Teens in California can enjoy driving privileges at the age of 15½. These provisional licenses come with restrictions that are designed to keep inexperienced drivers safe while they practice their skills. How can teens in California obtain a learner’s permit or driver’s license? What are some of the restrictions placed on teen drivers in California? What are the consequences of driving while high for underage drivers?
Provisionary Licenses for Teen Drivers
Drivers under the age of 18 must apply for a provisionary license. To successfully apply, learners need to meet these criteria.
- Be between the age of 15½ and 18 at the time of application.
- Complete form DL 44. Include the signature of at least one parent or legal guardian. All parties who have legal custody of the minor must sign the application.
- Present a birth certificate or other official birth document.
- Show proof of successfully completing a California Drivers Ed course.
- Submit application with appropriate fees included.
- Successfully complete a vision test. This is usually administered in the DMV office.
- Take a photograph for your identification card.
- Provide a fingerprint sample.
- Pass the California knowledge test for drivers. Testers must wait 7 complete days after failing the exam to try again.
When all these requirements are met, teen drivers are given a learner’s permit. However, the document doesn’t grant driving privileges until it is signed by an instructor. These include:
- Parents and legal guardians.
- Licensed California residents who are at least 25 years of age.
- A certified driving instructor.
- Teens with provisionary licenses are not allowed to drive alone. An instructor should be in the car and ready to take over in case of an emergency.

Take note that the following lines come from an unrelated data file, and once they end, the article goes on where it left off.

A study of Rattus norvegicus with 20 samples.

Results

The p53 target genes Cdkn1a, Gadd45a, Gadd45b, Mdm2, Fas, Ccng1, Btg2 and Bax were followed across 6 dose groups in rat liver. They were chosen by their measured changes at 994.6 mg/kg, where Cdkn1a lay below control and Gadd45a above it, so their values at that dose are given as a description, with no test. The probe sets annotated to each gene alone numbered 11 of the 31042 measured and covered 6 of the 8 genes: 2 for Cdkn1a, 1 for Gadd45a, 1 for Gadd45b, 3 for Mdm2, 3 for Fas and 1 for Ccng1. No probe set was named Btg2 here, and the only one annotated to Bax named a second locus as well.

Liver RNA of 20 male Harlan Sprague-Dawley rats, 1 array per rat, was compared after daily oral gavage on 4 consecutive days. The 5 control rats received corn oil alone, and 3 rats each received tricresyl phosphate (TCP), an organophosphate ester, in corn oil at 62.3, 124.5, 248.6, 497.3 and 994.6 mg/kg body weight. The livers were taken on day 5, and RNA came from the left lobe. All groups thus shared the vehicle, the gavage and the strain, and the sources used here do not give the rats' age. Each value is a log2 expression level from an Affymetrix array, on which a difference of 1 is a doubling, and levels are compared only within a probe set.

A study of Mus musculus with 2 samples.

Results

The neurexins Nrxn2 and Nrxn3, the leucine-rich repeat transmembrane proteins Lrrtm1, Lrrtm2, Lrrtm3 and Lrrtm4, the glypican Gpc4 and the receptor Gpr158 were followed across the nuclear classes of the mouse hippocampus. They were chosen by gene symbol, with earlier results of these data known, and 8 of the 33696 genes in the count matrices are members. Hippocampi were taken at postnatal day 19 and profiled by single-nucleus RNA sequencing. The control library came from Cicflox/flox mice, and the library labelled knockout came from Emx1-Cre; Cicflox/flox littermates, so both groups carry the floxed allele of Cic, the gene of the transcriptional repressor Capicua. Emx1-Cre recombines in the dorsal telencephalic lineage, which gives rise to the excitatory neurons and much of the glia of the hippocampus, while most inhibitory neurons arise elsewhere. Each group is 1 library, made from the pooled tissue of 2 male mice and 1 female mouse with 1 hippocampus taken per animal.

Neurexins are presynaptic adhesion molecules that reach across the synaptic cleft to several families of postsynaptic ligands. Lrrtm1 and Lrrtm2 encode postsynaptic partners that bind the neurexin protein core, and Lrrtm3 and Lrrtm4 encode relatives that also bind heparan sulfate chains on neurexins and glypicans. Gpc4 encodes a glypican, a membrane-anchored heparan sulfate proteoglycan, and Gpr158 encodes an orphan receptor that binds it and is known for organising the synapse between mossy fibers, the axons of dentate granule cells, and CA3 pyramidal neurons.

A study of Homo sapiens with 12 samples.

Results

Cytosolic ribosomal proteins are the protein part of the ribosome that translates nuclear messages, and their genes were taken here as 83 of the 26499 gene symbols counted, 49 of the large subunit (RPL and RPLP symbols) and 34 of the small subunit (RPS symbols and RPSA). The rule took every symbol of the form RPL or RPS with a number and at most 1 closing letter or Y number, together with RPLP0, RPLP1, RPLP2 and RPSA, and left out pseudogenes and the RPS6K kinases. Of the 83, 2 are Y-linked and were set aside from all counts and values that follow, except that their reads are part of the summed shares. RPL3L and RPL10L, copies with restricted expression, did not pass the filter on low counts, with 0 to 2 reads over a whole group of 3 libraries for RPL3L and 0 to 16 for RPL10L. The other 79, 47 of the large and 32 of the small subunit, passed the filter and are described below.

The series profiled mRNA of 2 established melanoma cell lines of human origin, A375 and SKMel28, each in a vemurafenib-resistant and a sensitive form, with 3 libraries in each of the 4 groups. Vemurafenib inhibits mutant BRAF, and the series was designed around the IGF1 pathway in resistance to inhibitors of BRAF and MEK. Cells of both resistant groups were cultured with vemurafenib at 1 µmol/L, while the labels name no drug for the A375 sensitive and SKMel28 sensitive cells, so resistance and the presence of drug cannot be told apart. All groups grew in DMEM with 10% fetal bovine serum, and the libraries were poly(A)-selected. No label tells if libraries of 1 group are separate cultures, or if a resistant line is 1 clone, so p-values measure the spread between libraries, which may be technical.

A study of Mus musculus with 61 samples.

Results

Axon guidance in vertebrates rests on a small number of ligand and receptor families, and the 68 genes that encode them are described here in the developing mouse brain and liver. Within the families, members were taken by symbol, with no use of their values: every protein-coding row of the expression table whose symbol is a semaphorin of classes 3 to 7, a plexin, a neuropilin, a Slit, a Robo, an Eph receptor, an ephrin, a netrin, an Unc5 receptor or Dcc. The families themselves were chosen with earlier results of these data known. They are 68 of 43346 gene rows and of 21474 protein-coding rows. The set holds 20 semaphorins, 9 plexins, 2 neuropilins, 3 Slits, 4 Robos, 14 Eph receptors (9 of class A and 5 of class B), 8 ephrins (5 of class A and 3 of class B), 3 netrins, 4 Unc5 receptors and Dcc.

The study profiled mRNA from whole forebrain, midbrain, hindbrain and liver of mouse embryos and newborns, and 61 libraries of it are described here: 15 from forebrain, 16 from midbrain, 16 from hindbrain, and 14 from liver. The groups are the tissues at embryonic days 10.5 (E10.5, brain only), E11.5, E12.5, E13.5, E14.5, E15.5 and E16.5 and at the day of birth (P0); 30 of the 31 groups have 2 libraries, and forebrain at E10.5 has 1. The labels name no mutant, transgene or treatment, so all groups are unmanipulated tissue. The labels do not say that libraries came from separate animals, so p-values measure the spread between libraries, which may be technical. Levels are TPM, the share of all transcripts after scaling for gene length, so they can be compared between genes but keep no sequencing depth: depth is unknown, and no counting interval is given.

Six months after receiving their learner’s permit, teens can take the skills test and receive their California driver’s license. This application also requires proof of successfully completing a California Drivers Ed course. In addition to passing the skills test, students must submit signed proof of at least 50 hours of supervised driving practice. Testers must wait 2 complete weeks after failing the skills test before they schedule another attempt.
Restrictions for Teen Drivers
During their first year as a licensed driver, teens are restricted in their driving privileges. Those under the age of 18 are not allowed to:
- Transport other people under the age of 20 unless an instructor is present.
- Operate a vehicle from 11 pm to 5 am.
- Use cell phones or other electronic devices while operating a vehicle. This includes hands-free devices.
There are some exceptions to these rules. These restrictions can be waived:
- In a medical emergency.
- Temporarily by a designated school official.
- To enable students or other family members to get to work.
- For emancipated minors.
- To assist with family-related duties.
All waivers must be signed by a responsible adult and ready to present to enforcement officials on demand.
Driving While High: California Law for Teens
While marijuana consumption is legal for adults over the age of 21 in California, it is illegal to operate a vehicle while under the influence of any mind-altering substance. Those who are caught driving while high can face several penalties. Punishment is determined by the frequency of the offense.
- The first time a teen is caught driving under the influence, they could receive up to 6 months in a correctional facility. They can also lose their driving privileges for up to 10 months or until they reach the age of 18.
- The second offense increases possible jail time to 1 year and loss of privileges to 2 years.
- For the third infraction, teens may face a year in jail and/or 3 years without driving privileges.
These punishments may also include fines between $390 and $1000, mandatory DUI school, and other punitive measures that are necessary by judges and court officials.
Receiving a driver’s license opens new doors for teens and allows them to explore their potential. Practicing safe driving habits is the best way to ensure that they retain those privileges.